You’re listening to NeuroFrontiers on ReachMD. On this episode, we’ll hear from Dr. Sergio Baranzini, who’s a Distinguished Professor of Neurology at the University of California San Francisco and co-senior author of a recent study that, for the first time, has identified a genetic variant associated with faster disease progression in multiple sclerosis. Let’s hear from him now.
This study was designed by the International Multiple Sclerosis Genetics Consortium, of which I’m part of, and as all the studies that the Consortium designs it takes the participation of several sites around the world, laboratories in the U.S., Europe, Australia, Japan, so it’s really an international effort in which all the partners contribute samples from patients and also intellectual input so that we do this as a large collaborative effort.
The goal of this research was to ask the question of whether severity of the disease is influenced by genetics or not. We’ve known for a long time that risk to develop the disease is genetic, is inherited, and the consortium has been producing a number of studies in the last 20 years uncovering more and more genetic variants that predispose to multiple sclerosis. But the question of when someone is diagnosed with the disease, what kind of evolution will that person have, was always unanswered. We know that some patients after diagnoses follow a rapid decline, unfortunately, and they may be in a wheelchair by five or six years after the diagnosis, but we know there are other patients after 10 years of diagnosis are still running marathons. So what is that difference in disease scores, in disease severity—also at least in part genetically determined—so this is what we set out to study. We only looked at DNA from patients, and this is different from the study design that we have done before. When we were asking about susceptibility, the design was patients compared to healthy controls. In this case, it’s only patients, and we have information about their disease progression, about their disease severity, so this is the question that we were trying to answer.
The outcome of this genetic study in which more than 10,000 patients participated in was the discovery of a single DNA variant, which is fairly common in the population, but if you are a patient who has MS and you carry two copies of this variant, you are more likely to develop an aggressive course that will imply a higher severity, and this is very significant. Even though it’s a single variant, we think there’s more. It’s just a matter of statistical power that with 10,000 patients we are scratching the surface of statistical power.
But even though it’s the first and the only one so far, we think it’s clinically very meaningful. I’m going back to the clinical significance now. Individuals who inherit two copies of this variant will reach an EDSS disease severity of six in the EDSS scale, which severity of the disease is measured. It goes from zero to 10, and six is a landmark because it’s a time point at which the patient needs a cane or walker to be able to walk. So patients who have two alleles of these variants are reaching this point of EDSS six almost four years earlier than patients who do not, so we think that this is very, very significant in terms of clinical implications, and it will spare out a search for therapeutic drugs that will manage this aspect of the disease, which so far hasn’t been tapped.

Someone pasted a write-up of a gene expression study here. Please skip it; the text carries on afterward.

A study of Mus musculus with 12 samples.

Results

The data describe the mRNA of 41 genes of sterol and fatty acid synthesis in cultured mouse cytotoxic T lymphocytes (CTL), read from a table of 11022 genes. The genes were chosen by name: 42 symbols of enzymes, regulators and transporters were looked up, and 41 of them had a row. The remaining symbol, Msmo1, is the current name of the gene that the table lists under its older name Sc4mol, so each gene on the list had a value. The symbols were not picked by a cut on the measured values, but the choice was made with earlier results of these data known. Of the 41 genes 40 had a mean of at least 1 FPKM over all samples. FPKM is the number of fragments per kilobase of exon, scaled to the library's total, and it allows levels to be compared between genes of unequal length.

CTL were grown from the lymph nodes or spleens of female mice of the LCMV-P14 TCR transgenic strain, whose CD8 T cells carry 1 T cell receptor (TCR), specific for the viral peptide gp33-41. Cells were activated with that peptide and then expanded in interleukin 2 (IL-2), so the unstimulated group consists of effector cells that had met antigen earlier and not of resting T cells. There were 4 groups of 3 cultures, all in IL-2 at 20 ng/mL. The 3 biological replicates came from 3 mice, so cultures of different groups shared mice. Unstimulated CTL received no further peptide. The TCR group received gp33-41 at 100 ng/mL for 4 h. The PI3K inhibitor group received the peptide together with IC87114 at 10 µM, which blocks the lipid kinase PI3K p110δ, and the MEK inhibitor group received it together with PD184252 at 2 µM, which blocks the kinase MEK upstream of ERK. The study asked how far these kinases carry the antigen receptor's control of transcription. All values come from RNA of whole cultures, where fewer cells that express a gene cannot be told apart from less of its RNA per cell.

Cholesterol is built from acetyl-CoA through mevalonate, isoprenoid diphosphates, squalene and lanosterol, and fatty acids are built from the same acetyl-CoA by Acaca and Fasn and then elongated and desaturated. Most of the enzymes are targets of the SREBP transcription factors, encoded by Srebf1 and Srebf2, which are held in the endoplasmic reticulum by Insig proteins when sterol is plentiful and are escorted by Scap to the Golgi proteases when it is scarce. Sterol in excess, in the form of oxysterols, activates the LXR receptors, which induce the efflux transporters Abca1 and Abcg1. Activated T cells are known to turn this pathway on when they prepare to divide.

There are next steps for the research. On the one hand, this discovery of a variant that confers additional risk to developing an aggressive course is the first one that is not related to the immune system as all the other variants that have been discovered with that influence risk of the disease, which are all related to the immune system and for which very successful and efficient therapies have been developed, but all of those therapies address the inflammatory component of the disease, and some of them are extremely effective at doing that. However, indefinitely, patients transition from an immune-driven disease to a more neurodegenerative form of the disease, and there’s nothing for the group of patients or for those patients who transition. We think that with the discovery of this variant, new therapies will be developed that address this component, the neurodegenerative component.
And the discovery of genetic variants always directs the drug development for pharmaceutical industry, so the fact that there is now a genetic target, it will accelerate the development of therapies that will address this part of the disease. So we think that there’s more to be discovered, and overall, is extremely good news for people who live with MS.
That was Dr. Sergio Baranzini discussing the recent discovery of a genetic variant associated with faster disease progression in patients with multiple sclerosis. To access this and other episodes in our series, visit ReachMD dot com slash Neuro Frontiers, where you can Be Part of the Knowledge. Thanks for listening!